Governor Garry Herbert joined the "Clean Air Challenge" today--originally conceived in part by his Democratic rival for governor, Salt Lake County Mayor Peter Corroon. The effort challenges residents to make a commitment to cleaner travel (mass transit, bikes or walking vs. cars). All I can say is I AM TRYING, but dang it, "challenge" is the exactly the right word for it.
The governor seems to think a primary hurdle is people's ignorance of how to use mass transit and thus there will be a free day Feb. 12 for the fearful to learn how to use UTA buses, TRAX, and FrontRunner. But ignorance and fear are not my problem. I love mass tranist. My problem is economics.
First, I can't sell my car entirely because I work on deadlines and have to travel considerable distances for interviews. So that means I'll be paying for car insurance regardless of whether I use the car 20 times per month, or once. So that's $80 per month for car insurance. At least that's what I pay. I could ride TRAX on days I don't have one of those interviews, but then I have to pay for a train ticket even though I've already paid to use my car (I won't even get into parking fees, oil changes, etc.).
A day-pass on TRAX/buses is $5; a monthly pass $67. If you need FrontRunner access as well, it's $167 per month.
Here's the rub: being a car owner and riding mass-transit creates a substantial double charge. I'm already paying $2.50/day for my car insurance and now my governor and my mayors (Salt Lake City Mayor Ralph Becker has also signed on to the "challenge") want me to pay additional fees for my transportation so that I can contribute to cleaner air. I'm not destitute, but I do have many debts I'm trying to pay off as quickly as possible, and the economics of owning a car AND riding mass transit simply don't make sense for me. I walk 2.3 miles to and from work when it's nice out (and I have the time and energy). I still take TRAX sometimes (not as often as I should).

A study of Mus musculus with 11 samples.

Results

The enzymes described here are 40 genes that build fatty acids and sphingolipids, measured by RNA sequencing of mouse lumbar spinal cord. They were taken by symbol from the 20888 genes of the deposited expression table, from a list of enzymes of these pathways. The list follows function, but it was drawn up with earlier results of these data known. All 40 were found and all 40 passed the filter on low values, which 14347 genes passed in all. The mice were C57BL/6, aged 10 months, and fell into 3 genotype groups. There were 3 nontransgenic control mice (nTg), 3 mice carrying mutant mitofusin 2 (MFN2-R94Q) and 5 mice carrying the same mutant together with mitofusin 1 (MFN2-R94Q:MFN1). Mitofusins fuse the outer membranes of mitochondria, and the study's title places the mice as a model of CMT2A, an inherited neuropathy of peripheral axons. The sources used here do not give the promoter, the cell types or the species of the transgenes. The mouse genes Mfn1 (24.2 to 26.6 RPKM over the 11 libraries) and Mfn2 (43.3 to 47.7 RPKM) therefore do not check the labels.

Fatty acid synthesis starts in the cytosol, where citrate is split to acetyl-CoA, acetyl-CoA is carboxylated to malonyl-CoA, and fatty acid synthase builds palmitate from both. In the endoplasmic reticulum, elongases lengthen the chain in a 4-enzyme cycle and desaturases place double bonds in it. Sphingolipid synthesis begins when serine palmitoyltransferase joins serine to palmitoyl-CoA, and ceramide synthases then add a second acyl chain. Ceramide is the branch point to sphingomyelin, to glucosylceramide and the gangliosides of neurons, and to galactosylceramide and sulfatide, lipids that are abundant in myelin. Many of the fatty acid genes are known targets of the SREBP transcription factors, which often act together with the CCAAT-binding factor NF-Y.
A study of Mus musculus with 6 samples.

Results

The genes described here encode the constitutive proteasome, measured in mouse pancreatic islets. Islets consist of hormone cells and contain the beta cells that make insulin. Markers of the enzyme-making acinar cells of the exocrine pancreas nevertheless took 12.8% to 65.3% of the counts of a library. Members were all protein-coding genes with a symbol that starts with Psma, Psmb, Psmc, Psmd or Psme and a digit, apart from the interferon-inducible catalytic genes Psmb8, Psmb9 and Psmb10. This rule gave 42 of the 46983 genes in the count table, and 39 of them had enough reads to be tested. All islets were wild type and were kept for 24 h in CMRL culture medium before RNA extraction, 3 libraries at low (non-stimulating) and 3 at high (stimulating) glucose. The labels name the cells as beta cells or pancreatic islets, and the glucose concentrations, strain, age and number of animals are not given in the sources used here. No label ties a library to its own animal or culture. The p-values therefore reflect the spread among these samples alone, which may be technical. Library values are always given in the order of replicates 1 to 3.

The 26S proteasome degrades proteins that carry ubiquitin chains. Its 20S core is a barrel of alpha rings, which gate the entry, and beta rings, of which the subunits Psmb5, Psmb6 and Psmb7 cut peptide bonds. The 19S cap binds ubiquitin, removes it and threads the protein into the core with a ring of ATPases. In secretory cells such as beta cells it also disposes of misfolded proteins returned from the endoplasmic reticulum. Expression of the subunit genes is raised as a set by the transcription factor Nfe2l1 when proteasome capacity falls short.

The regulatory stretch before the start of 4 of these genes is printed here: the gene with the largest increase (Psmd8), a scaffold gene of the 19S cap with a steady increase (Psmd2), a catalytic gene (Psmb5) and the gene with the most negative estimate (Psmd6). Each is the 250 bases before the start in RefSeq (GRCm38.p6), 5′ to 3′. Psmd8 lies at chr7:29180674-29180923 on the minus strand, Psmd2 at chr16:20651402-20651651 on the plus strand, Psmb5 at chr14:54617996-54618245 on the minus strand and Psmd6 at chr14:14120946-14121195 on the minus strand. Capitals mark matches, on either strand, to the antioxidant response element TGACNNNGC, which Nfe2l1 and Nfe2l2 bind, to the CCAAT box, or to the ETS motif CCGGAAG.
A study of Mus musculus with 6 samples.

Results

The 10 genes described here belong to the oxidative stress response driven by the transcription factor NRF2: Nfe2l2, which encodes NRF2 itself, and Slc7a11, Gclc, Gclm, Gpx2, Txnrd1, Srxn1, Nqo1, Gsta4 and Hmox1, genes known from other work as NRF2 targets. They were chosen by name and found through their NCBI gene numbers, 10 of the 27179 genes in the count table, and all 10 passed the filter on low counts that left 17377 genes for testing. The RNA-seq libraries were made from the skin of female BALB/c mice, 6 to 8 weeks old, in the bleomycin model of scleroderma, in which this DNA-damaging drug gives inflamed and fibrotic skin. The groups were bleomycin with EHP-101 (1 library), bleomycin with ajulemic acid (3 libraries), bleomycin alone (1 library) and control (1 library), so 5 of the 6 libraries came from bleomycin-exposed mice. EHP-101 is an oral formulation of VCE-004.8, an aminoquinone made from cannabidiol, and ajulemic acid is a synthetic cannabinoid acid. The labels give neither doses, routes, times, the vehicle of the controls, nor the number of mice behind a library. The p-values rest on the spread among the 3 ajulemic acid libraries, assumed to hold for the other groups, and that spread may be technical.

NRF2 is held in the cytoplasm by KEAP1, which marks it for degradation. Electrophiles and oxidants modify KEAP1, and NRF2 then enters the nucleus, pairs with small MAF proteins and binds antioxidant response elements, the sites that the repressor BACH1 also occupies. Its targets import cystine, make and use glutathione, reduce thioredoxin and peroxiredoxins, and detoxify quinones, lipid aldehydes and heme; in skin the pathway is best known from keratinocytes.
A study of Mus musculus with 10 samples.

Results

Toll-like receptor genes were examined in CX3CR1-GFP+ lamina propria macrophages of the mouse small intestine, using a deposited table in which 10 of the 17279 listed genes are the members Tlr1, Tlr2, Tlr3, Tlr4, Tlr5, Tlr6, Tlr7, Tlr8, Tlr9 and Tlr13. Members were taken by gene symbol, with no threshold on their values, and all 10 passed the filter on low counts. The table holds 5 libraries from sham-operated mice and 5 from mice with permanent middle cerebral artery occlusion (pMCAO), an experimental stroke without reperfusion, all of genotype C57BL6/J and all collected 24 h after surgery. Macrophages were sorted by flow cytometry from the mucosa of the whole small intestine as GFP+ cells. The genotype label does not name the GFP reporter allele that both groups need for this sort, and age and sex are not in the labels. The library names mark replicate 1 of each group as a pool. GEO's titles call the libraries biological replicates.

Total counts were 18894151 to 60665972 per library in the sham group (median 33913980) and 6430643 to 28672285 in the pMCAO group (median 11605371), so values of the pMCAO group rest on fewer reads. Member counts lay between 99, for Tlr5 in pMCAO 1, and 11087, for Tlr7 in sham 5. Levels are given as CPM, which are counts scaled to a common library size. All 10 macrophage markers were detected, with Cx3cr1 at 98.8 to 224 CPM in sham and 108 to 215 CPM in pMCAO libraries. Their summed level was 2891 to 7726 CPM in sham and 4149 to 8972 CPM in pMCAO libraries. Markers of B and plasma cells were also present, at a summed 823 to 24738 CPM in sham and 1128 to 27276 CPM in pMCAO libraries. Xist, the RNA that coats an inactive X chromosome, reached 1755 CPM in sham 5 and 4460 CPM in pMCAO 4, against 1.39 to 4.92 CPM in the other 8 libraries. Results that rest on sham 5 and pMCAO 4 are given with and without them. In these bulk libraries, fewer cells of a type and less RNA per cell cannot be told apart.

I think "challenge" downplays what this represents. Very few people can arrange a comfortable lifestyle in the Wasatch Front that never requires a personal vehicle (but kudos to those who have!!). So I'm not the only one with this car insurance/mass-transit fees dilemma.
I think if our leaders are truly committed to cleaning up the air, they need to address the economics of travel, not just toss out "challenges" that put the impetus on citizens alone. UTA is expanding into more suburbs and extending to the airport; that's great. But my problem is not a lack of access to mass transit; I live and work very close to TRAX stops. My problem is that in our current system it does not make economic sense for me to pursue environmental goals. It's hard to "challenge" people to overlook their personal economics in pursuit of the common good. Though I don't have the expertise to say so, I think it defies human nature. If you want citizens to change their behaviors, I believe you must restructure the system so they are economically enticed/able to do so.
So my recommendation to these Clean Air Challenge-folk is to stop challenging us. I have enough challenges just being a young, indebted professional; others have much greater challenges than I. Stop challenging us and start helping. I have more means and opportunity than many, and even I can't make economic sense of this challenge. Moreover, it makes little sense for me to hurt my personal finances to clean the air if it seems to me--and it does--that so few others will be doing the same. It's truly a tragedy of the commons that no mere "challenge" will overcome.
Update 1:25 p.m.: the last time I wrote about my personal economics a very smart friend of mine said that he thought that I must have done my taxes wrong. I don't think he's right about that, but if you feel I've missed something here, please help me out! I would love to find out that things aren't as bad as they seem.